10 tips to keep data secure
Halloween is scary, but for the federal government, few things scare more than a security breach.
Despite recent high-profile incidents shining a light on the problem, reports show that agencies continue seeing a dramatic upward trend in cyberattacks – and hackers are bent on stealing sensitive information, information useful to identity thieves and anything else they can get their digital hands on.
A Government Accountability Office official testified in April that cases involving leaked or compromised sensitive data reported by federal agencies to the U.S. Computer Emergency Readiness Team skyrocketed nearly 680 percent from 2006 through 2011.
Cyberattacks overall are also costing the nation a pretty penny. According to a report in The New York Times, National Security Agency Director Gen. Keith Alexander has said the U.S. loses up to $338 billion in financial theft. Numbers from the Commerce Department also indicate $250 billion is lost every year in intellectual-property thefts.
Alexander, who serves as the commander of the U.S. Cyber Command, also in July expressed little confidence in the nation’s ability to thwart outside intrusions.
“If we were to be completely candid here, the reality is that industry is getting hacked [and] government is getting hacked," he told the audience at the Aspen Institute’s annual security forum. "What we need to do is come together and form best practices. When we put together this ability for our nation to work as a team in cyberspace, what that allows us to do now is do things that other countries aren’t capable of doing in defending the nation.”
In support of the National Cyber Security Awareness Month, information risk and security performance management company nCircle released an e-book that offers an array of tips to help improve online security. The suggestions are written in fewer than 140 characters to promote sharing on social media, including Twitter when using the hashtag #securitytips.
Here are 10 of those tips for staying cyber secure – modified for feds:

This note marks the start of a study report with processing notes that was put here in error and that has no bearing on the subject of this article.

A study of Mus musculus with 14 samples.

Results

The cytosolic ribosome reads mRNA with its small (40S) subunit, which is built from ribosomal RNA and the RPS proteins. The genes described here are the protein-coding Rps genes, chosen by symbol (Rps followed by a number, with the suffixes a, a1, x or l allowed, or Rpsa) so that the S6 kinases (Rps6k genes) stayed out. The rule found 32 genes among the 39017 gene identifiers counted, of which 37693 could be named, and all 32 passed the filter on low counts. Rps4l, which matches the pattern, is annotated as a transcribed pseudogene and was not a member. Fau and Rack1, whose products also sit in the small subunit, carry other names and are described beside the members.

Look beyond antivirus programs: A virus scanner is not much use once a computer has been infected. By being proactive and keeping your systems current and programs patched, you can prevent malware from infecting your computer.
Switch up passwords: Use different, non-guessable passwords for different purposes. Do not use the same password for online banking and social media. Ideally, you have a different password for every service you use. (See some bad password examples here.)
Forego old methods: Traditional security methods such as security-based controls pointed at a dissolving perimeter driven by compliance are not doing the job anymore. Attackers hide in plain sight using valid credentials, so user behavior should be monitored to prevent data exfiltration.
Remember the weakest link: Humans create most of the problems in information security --whether it is an employee accidentally and unknowingly downloading malware or a bug created by a programmer. Solving information security problems with technology alone will not do.
Stay safe when traveling or teleworking: Feds who are on the road should use a privacy screen on their laptop to protect others from seeing sensitive information. A privacy screen minimizes the risk for “shoulder surfers” bent on sneaking a peek to gain information that later can be used to carry out a phishing attack.
Plan for the worst-case scenario: Plan against failure at every point of the system. What happens if X fails just when Y needs it most? If your virus protection fails and your email gets compromised, do you have a backup email address? Are your contacts backed up as well, on a different system?
Do not trust smartphone apps: Feds often rely on their mobile devices to do their job and stay connected, which means these smart phones, tablets and laptops are a treasure trove of information. Yet a single application can steal all this data and reveal details to complete strangers with unknown intentions. Beware of which apps you download.
Think before you tweet/post: This should be a no-brainer, yet many disregard it. The Internet simply does not forget – a post does not get permanently deleted and will be searchable for years to come. Think twice about what you write online.
Enable two-factor authentication: Online services such as Gmail, Facebook and Dropbox now enable two-factor authentication, which provides an additional layer of security against account hacking. Use this feature wherever available.
Own your security: Do not trust the IT department to keep your computer safe. Become familiar with the nature, efficacy and propriety of the security you rely on -- and act accordingly.